Presentation on theme: "Think, pair, share Individually, you have 5 minutes to think about possible management strategies for global warming Now share your ideas with you neighbour."— Presentation transcript:
Think, pair, share Individually, you have 5 minutes to think about possible management strategies for global warming Now share your ideas with you neighbour and see which ones you both have Share them with the group
Learning outcomes You should all be able to: Describe different pollution management strategies for dealing with global warming Most of you should be able to: Evaluate the effectiveness of the different strategies
Management strategies Three strategies we can adopt: 1.Do nothing 2.Wait and see 3.Take precautions now
Do nothing A minority of scientists and others do not accept that global warming and climate change is problem for human activity. They say that we may forfeit economic development by reacting to a non-threat Or they say that global warming is a good thing and technology can manage the effects.
Wait and see It takes a long time for actions to have results – E.g. to move economies away from a fossil fuel base is a long process. It is possible that we may reach the tipping point when our actions will have little effect because of the positive feedback mechanisms that change the climate.
Precautionary strategy Majority choice Even if we find out that fossil fuels do not cause global warming we know that they are running out. – It makes sense to find alternative sources now while we have the chance. Can be divided into three categories: 1.International commitments 2.National actions 3.Personal lifestyle changes In pairs, come up with 2 examples for each of these categories.
The Kyoto Protocol The Kyoto Protocol treaty was negotiated in December 1997 at the city of Kyoto, Japan and came into force February 16th, 2005. "The Kyoto Protocol is a legally binding agreement under which industrialized countries will reduce their collective emissions of greenhouse gases by 5.2% compared to the year 1990 (but note that, compared to the emissions levels that would be expected by 2010 without the Protocol, this target represents a 29% cut). The goal is to lower overall emissions from six greenhouse gases - carbon dioxide, methane, nitrous oxide, sulfur hexafluoride, HFCs, and PFCs - calculated as an average over the five-year period of 2008-12. National targets range from 8% reductions for the European Union and some others to 7% for the US, 6% for Japan, 0% for Russia, and permitted increases of 8% for Australia and 10% for Iceland."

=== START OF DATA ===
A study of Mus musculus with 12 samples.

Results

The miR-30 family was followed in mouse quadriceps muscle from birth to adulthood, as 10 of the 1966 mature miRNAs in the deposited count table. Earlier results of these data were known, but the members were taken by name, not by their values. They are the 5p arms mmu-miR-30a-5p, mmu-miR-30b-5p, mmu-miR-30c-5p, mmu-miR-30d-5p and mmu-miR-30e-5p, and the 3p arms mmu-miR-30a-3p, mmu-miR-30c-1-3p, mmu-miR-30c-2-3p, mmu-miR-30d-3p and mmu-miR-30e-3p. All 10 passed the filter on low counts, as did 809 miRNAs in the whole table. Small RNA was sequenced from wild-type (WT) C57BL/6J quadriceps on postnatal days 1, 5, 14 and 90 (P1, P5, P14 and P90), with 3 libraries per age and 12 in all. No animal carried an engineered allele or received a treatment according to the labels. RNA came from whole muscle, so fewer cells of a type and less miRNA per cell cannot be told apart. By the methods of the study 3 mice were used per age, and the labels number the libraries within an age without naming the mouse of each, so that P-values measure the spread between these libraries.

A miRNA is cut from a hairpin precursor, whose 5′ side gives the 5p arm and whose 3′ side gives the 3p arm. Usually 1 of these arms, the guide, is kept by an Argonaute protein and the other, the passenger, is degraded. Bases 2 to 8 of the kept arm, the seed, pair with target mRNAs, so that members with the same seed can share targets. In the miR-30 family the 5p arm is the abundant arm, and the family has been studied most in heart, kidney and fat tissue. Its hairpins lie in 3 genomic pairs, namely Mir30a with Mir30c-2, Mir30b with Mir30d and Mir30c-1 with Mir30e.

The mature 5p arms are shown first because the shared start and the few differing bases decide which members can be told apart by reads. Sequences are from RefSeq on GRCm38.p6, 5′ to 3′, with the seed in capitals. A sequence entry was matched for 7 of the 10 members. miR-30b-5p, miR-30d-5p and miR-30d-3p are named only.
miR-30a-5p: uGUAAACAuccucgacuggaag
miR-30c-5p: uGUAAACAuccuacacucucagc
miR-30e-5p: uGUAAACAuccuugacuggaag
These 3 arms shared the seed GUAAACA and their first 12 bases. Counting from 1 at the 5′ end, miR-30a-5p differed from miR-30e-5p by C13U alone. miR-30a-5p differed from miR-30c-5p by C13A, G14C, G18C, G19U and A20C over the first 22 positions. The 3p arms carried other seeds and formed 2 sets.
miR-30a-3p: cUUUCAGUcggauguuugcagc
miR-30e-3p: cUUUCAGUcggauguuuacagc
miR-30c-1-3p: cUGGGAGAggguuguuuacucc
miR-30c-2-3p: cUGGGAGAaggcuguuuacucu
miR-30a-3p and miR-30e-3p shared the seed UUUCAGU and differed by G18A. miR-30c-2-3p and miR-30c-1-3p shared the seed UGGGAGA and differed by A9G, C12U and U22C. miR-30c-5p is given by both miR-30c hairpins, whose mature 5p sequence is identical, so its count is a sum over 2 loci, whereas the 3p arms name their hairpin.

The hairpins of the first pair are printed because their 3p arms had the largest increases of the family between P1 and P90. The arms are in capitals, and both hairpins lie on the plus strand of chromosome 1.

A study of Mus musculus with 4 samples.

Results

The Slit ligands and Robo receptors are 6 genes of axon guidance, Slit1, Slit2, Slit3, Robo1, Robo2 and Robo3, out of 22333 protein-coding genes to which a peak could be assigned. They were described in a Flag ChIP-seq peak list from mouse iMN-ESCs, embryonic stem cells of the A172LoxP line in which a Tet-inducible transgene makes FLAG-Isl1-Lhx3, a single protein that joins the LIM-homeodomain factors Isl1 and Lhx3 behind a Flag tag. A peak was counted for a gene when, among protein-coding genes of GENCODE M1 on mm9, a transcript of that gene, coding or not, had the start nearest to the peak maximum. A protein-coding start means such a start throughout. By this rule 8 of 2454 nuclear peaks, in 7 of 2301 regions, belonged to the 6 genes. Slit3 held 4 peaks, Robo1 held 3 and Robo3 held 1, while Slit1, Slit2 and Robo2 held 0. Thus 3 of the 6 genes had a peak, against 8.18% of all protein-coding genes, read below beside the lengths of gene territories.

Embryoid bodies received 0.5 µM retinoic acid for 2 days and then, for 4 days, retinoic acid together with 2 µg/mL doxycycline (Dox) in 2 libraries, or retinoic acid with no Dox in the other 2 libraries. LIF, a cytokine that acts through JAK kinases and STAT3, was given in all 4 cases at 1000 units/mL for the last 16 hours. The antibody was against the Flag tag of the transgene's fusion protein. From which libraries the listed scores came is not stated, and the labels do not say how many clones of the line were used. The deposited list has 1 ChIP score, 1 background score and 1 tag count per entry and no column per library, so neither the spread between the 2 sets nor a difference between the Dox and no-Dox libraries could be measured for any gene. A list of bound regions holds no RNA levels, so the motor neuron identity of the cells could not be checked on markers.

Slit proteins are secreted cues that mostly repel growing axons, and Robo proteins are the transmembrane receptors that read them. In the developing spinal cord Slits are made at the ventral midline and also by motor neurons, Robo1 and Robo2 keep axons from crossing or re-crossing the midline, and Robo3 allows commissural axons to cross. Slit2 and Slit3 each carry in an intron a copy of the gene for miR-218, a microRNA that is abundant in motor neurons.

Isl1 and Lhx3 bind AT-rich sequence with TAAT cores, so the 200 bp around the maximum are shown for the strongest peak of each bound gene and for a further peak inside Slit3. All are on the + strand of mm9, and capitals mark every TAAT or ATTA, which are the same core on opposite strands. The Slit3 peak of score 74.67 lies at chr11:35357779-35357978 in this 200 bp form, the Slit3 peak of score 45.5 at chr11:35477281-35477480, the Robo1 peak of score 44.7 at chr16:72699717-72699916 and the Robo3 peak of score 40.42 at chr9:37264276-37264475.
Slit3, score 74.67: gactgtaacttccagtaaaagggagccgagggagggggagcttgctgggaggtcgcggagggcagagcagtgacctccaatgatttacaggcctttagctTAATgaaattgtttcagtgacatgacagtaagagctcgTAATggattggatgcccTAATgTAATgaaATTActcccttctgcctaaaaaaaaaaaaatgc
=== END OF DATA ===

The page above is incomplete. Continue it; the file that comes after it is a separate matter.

Carbon taxes These taxes have been introduced by some countries – Britain is one example. Carbon tax is a form of pollution tax. It levies a fee on the production, distribution or use of fossil fuels based on how much carbon their combustion emits. The tax makes using dirty fuels more expensive, so it encourages utilities, businesses and individuals to reduce consumption and increase energy efficiency
Carbon trading An attempt to create a market in which permit issued by governmentsto emit carbon dioxide are traded. In Europe permits are traded through the emission trading system (ETS) Governments set targets for the amount of carbon dioxide that can be emitted by industries and divide these between plants or companies. It is working but not well – critics say that targets are too generous.
Carbon offset Carbon offsets are a form of trade. When you buy an offset, you fund projects that reduce greenhouse gas (GHG) emissions. – E.g. restore forests, update power plants or increase energy efficiency in transport Carbon offsets let you pay to reduce the global GHG total instead of making radical or impossible reductions of your own. Carbon offsets are voluntary. People and businesses buy them to reduce their carbon footprints or build up their green image. Can be seen as dangerous because they dissuade people from making changes to their own lives.